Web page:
February 25, 2020

Travellers are few at this Chinese railway station.

The last time a virus outbreak hit China, in 2003, the global economy emerged  unscathed. Now, nearly 2 decades later, the effects of the coronavirus threaten to ripple around a world transformed by China’s boom. Chinese consumption and production power growth from Asia to North America, Europe and beyond. Manufacturers world-wide are tethered to China by the tentacles of a supply chain that relies on the country’s factories for many intermediate and finished goods. “This is a once-in-a-generation event,” said one CEO.

With fears of contagion keeping Chinese workers home, production is getting pinched, writes The Wall Street Journal (Feb. 23, 2020). In the U.S., GM warned that a lack of China-made parts could slow assembly lines at plants in Michigan and Texas. Hyundai suspended one of its main assembly lines in Ulsan, S. Korea, because it couldn’t get parts from China. Asiana, S. Korea’s 2nd-largest airline, put its 10,500 employees on staggered shifts of 10 days’ unpaid leave. Videogame giant Nintendo said that shipments of its flagship Switch gaming console are delayed as it can’t get parts from Chinese factories. Apple won’t meet revenue projections for the first quarter as the epidemic shuts its China plants. Container-ship operators are preparing profit warnings as dozens of trips out of China are canceled. In Vietnam, an economy highly dependent on Chinese supply chains, exports in January fell 17%.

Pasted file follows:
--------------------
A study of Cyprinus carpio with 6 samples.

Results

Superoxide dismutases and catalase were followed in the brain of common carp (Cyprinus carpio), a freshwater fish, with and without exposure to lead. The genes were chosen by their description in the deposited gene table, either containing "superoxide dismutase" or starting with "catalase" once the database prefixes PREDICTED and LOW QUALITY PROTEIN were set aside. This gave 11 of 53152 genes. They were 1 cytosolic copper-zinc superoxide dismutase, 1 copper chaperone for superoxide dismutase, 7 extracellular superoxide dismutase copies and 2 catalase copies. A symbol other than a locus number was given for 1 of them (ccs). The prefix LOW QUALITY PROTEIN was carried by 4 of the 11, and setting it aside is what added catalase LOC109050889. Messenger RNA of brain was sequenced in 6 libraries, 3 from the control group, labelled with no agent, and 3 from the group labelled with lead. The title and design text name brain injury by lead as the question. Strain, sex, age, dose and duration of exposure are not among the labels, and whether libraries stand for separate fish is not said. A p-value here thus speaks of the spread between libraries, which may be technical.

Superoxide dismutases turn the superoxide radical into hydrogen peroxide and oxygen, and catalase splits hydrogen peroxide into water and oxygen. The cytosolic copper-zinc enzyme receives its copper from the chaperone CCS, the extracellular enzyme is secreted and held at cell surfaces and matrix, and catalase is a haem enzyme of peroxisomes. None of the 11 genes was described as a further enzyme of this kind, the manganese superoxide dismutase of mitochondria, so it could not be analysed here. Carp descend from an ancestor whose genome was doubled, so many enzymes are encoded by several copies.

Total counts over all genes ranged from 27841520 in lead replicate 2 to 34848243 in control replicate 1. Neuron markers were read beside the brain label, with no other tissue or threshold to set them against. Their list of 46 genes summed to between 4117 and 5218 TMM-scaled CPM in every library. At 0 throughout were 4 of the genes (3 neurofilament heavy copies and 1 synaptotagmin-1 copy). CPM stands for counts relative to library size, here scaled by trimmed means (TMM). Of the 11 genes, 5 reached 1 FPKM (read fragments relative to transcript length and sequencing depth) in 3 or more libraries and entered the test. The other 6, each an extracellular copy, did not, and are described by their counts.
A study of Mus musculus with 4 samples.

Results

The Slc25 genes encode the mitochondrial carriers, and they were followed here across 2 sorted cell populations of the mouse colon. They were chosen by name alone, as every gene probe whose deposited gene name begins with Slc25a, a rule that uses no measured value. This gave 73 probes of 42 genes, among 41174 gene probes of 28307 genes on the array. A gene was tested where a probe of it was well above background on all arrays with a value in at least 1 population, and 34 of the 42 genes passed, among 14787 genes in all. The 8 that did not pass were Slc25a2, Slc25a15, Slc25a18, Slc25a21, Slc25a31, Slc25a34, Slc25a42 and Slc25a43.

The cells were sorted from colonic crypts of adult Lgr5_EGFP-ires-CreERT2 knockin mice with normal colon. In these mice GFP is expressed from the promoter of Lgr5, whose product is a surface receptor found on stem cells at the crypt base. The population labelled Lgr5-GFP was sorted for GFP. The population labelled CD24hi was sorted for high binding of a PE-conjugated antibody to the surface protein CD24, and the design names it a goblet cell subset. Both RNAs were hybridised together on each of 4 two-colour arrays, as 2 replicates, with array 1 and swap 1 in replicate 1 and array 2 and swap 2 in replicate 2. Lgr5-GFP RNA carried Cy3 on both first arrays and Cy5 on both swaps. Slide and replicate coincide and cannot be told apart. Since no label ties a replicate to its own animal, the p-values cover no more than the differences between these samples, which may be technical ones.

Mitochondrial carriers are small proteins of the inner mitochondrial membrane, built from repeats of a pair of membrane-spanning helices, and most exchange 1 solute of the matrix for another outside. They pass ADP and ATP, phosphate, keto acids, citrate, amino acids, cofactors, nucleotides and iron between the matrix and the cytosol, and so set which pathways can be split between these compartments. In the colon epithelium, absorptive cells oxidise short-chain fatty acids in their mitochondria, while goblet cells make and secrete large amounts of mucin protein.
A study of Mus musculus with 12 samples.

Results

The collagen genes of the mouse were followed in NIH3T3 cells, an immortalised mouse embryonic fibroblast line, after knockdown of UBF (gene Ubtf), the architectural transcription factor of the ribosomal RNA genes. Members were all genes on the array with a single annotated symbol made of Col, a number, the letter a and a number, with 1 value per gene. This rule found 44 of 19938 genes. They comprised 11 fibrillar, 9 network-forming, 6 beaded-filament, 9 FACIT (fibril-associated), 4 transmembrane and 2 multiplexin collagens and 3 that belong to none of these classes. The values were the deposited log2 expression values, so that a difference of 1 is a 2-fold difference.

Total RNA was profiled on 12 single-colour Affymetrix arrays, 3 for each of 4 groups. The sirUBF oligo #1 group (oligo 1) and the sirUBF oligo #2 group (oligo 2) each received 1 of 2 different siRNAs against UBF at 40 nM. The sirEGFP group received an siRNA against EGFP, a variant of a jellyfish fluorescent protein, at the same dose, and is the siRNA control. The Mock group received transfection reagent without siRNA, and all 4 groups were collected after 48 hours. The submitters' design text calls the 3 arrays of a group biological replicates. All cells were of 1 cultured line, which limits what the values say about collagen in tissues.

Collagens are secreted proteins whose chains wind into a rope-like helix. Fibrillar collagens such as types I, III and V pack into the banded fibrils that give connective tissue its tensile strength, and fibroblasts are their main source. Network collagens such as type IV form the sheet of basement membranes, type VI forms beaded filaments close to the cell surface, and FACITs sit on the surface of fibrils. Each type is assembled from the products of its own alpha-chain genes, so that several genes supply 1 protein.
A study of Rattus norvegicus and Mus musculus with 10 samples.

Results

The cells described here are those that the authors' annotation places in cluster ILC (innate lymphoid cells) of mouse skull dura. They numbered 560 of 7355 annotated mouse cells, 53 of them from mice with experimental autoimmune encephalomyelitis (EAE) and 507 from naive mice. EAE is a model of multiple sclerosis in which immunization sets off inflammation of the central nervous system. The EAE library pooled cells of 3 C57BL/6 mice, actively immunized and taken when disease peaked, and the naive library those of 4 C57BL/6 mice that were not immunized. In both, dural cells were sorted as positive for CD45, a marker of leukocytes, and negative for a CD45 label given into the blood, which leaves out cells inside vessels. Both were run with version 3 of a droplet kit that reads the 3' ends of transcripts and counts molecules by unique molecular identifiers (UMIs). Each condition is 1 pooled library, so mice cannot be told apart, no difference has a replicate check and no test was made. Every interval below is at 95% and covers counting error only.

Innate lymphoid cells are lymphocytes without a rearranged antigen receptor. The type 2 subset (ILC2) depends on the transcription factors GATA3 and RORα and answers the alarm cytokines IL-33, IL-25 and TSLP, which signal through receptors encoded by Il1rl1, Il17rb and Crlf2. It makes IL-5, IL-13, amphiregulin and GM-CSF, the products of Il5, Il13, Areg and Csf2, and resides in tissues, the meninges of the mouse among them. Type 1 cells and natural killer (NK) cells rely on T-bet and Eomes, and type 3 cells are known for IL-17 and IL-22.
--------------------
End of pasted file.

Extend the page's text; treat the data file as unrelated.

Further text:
Major electronics producers that depend on Chinese parts also have suspended output because of the outbreak. Others are weighing relocation. Japan’s exports to China are expected to drop 7% this quarter from the prior one. An extended Chinese shutdown could cripple global manufacturing and cost the world up to $1 trillion in lost output. “The  current situation is more serious than we thought,” said S. Korea’s president.

Classroom discussion questions:

  1. How can companies evaluate disaster risk in their supply chains? (See Supp. 11 in your Heizer/Render/Munson OM text)
  2.  What impact will this virus have on supply chains in 90 days if it is not contained?